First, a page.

Part of our ICD-10 Easy Reference series, making coding easier by allowing easy code lookups.
What is Gastroesophageal Reflux Disease, or GERD?
Gastroesophageal reflux disease (GERD) is a condition that develops when the contents of the stomach chronically back up into the esophagus, causing a variety of symptoms such as heartburn, regurgitation, sore throat, and chest pain.
GERD is caused by a malfunction in the lower esophageal sphincter, which normally keeps the content of the stomach from entering the esophagus. It is a chronic condition that can lead to complications such as esophagitis, Barrett’s esophagus, and esophageal cancer.
The code K21.9 is used when the exact cause of the GERD is unknown or unspecified.
The ICD-10 code for Gastroesophageal Reflux Disease, or GERD, is K21.9.
This code is used to indicate GERD in the absence of any further specification.
This code belongs to the category of Other specified disorders of the esophagus.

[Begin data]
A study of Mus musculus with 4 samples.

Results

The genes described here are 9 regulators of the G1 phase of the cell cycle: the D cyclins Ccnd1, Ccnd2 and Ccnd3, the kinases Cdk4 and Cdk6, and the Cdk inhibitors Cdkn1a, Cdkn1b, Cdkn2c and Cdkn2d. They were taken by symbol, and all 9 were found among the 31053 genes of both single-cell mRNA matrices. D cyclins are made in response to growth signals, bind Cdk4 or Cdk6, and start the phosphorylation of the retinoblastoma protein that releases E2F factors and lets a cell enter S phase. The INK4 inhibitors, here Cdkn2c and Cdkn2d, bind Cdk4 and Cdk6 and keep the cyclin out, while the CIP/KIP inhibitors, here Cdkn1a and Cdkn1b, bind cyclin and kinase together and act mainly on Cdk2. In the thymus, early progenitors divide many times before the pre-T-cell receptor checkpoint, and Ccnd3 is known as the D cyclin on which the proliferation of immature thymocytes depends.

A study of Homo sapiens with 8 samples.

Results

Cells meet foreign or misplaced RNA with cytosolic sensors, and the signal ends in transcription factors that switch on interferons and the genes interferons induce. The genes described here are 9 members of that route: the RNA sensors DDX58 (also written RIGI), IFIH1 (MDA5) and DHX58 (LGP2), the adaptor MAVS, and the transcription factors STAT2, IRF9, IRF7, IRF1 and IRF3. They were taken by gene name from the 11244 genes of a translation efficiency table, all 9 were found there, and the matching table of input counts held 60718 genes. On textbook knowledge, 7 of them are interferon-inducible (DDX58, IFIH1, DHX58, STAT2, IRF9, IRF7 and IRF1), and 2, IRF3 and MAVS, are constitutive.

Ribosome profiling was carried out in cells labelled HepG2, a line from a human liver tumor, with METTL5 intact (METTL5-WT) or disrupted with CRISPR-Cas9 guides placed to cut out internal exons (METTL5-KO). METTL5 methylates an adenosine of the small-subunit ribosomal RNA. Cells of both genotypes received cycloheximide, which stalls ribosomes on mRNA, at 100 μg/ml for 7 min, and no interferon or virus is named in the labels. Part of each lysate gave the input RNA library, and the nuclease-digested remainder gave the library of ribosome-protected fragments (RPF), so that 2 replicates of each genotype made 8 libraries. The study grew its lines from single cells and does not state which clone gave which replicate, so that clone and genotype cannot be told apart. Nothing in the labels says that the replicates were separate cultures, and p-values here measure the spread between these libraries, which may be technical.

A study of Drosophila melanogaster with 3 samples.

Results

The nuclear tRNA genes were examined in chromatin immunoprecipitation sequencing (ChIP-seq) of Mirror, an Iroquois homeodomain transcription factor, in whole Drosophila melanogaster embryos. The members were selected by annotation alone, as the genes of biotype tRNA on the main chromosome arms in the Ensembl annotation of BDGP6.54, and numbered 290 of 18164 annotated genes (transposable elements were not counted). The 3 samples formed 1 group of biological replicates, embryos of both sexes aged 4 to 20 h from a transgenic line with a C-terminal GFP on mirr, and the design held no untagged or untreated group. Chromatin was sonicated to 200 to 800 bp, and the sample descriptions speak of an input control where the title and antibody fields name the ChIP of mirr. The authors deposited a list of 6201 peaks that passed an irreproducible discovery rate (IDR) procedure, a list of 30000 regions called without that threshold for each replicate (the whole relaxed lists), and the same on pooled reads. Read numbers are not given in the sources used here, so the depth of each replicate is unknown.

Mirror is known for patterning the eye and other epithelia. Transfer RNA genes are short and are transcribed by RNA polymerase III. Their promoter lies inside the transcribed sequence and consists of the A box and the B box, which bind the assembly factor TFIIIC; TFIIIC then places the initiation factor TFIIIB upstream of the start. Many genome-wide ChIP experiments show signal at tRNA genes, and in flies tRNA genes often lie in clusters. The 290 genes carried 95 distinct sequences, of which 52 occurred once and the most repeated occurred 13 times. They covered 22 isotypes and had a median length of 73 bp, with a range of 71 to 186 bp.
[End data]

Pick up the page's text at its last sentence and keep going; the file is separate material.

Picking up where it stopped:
Why was K21.9 used?
The reason this code was chosen is that GERD is a disorder of the esophagus caused by the reflux of gastric contents into the esophagus. Symptoms of GERD can include heartburn, regurgitation, dysphagia, and chest pain.
Does K21.9 require any backreferences?
This code also has backreferences to other similar codes, such as K21.0 (Gastroesophageal Reflux Disease with Esophagitis) and K21.8 (Other Gastroesophageal Reflux Disease), which provide additional information on the condition.
What does K21.9 stand for?
The first three digits (K21) indicate the disease group that the code belongs to, in this case, Other specified disorders of the esophagus.
The fourth digit (9) indicates the absence of a further subdivision of the disorder.